Korea’s new heist series has stolen the hearts of audiences around the world, with Money Heist: Korea — Joint Economic Area topping the Global Non-English Top 10 last week. The reimagining of the Spanish mega hit series La Casa de Papel, which offers a fresh take on the genius heist strategist and crew of thieves with a Korean flair, was also the #1 show in South Korea, Indonesia, Vietnam, Malaysia, and Thailand.
A little birdie told us that the cast and showrunners behind the series spilled some tea about the remake, so here are all the things you might not have known about Money Heist: Korea — Joint Economic Area.
1. The Formation of the Joint Economic Area
The original La Casa de Papel is known for its thrilling storyline that leaves the viewer no time to catch a breath. In this remake, the story is set in a Korean peninsula that was divided after the liberation in 1945 will soon be unified in 2026. The two Koreas establish a ‘Joint Economic Area’, a demilitarised zone that guarantees free travel and economic activity, as well as a Unified Korea Mint (UKM) to produce a unified currency.
“As a big fan of the original Spanish series, I felt intrigued to tell this vibrant story in a Korean context”, says Writer Ryu Yong-jae. Director Kim Hong-sun adds, “With the global K-drama phenomenon, fans will be curious about the added narrative of the Korean Peninsula”.
The joint task force, powered by both North and South, struggles to see eye to eye as they have different convictions, while also keeping hostages in check. Intense mind games unfold between the top-class thieves with a bold plan to steal four trillion won from the Unified Korean Mint (UKM).
2. The Traditional Korean Hahoe Mask
The series is not only drawing attention for being uniquely Korean in its setting, as the influence of Korean culture goes beyond the confines of its story. The visuals of the series are also packed with Korean characteristics and symbolism, bringing a new identity to the new remake.
The iconic Dali mask has been swapped out for the traditional Korean Hahoe mask, which many of its cast members have pointed out as their favourite concept of the series. Park Hae-soo, who plays Berlin, has called the Hahoe mask “a symbol of irony and rebellion against an unjust upper class”, which perfectly summarises the intention behind the crew’s heist.
The Hahoe mask, as Director Kim Hong-sun explains, has a vein of humour as it has a horrific-looking smile on the face akin to red-lipped clowns. Artistic director Seo Sung-kyung experimented with different models using various materials including plastic, chromium, steel, and rubber, and ended up swapping the original Dali masks’ warm wooden brown colour for a white glossy finish with black eyebrows.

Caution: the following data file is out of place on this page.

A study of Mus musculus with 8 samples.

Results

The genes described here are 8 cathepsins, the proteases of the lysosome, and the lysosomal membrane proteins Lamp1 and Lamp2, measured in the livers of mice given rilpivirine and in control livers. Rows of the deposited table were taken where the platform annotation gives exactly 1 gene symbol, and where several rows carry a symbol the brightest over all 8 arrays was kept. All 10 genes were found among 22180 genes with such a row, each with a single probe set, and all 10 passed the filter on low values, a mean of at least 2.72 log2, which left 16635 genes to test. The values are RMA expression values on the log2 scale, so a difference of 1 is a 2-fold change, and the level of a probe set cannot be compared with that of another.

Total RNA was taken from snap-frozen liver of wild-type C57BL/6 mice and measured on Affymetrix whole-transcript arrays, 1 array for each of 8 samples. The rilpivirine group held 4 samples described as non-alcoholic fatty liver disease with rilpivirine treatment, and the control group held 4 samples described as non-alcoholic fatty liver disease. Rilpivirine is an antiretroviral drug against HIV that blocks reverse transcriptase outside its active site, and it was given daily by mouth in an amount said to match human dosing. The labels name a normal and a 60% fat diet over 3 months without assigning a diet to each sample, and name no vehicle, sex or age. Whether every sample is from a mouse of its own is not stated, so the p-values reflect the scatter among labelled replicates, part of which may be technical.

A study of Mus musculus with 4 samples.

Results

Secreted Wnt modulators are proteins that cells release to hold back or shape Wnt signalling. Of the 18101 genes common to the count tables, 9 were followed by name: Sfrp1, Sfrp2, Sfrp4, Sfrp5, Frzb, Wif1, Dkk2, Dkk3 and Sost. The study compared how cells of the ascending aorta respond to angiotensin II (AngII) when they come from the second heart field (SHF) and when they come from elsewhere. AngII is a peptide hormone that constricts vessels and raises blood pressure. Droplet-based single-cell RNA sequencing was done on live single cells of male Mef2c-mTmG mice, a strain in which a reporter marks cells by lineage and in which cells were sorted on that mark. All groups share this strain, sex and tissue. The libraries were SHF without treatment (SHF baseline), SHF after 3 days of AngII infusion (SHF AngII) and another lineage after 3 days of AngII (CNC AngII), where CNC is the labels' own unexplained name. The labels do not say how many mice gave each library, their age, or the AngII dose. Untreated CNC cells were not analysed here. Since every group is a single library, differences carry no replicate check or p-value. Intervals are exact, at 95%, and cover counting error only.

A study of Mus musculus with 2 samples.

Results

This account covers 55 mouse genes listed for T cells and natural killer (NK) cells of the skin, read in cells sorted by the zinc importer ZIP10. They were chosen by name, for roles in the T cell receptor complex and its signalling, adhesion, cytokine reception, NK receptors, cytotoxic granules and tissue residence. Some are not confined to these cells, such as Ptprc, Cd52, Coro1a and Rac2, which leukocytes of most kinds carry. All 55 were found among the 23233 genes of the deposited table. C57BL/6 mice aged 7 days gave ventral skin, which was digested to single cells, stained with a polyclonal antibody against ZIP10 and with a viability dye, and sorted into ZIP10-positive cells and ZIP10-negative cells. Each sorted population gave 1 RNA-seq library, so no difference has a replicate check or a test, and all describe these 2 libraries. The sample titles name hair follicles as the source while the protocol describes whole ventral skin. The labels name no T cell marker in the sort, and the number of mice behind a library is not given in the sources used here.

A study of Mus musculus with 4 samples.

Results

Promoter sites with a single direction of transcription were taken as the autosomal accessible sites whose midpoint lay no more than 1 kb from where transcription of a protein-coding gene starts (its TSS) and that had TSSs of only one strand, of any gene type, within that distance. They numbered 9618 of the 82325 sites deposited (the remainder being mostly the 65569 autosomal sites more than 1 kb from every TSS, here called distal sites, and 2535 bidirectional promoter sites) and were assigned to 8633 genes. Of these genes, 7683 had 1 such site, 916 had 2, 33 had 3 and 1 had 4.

3. Inside the Unified Korea Mint (UKM)
The Korea Unified Mint building and its surroundings have also been designed with Korean elements in mind. The inside of the Mint is architecturally adapted from the traditional Korean house Hanok, where a courtyard with pine trees and rocks sits in the middle alongside walls decorated with paintings.
As the story takes place in a limited space, director Kim Hong-sun added depth to its visual storytelling with the use of lighting direction and colour to illustrate incidents that are happening at the same time. With this, the Mint was designed to accommodate various light changes including its ceilings, courtyard, and use of projection bricks.
4. Eyes On the Cash Prize
With the reunification of the two Koreas comes a new unified currency as a foundation for the new union, and the only objective of la banda is to steal four trillion won. The unified currency used in the series features portraits of historical figures including Korean independence activists Yoo Gwan-soon and Ahn Jung-geun, the heroes of the modern and contemporary history of the two Koreas.
5. Money Heist Inspired by Malaysia?
Detektif Hamdahn a.k.a. Abe Dahn a.k.a. Luqman Podolski returns in another episode of D’Netflix Report with a brand new theory — could the most notorious Money Heist be inspired by a groundbreaking case… in Malaysia? That’s right! In the 1990s, there was a gang in Malaysia called the Mamak Gang, who stole gold bars that were worth a whopping 12 million ringgit.
What’s more is the resemblance of the Professor’s crew member’s names who are named after famous cities. Malaysians have been doing this for a long time, but instead of naming people after cities, we name cities after people. Think Iskandar Puteri in Johor or Gohtong Jaya in honour of Lim Gohtong in Bentong. See if we’re right and watch #DONECLAIM on Instagram, Facebook, or Twitter.
Part 1 of Money Heist: Korea – Joint Economic Area is now streaming on Netflix.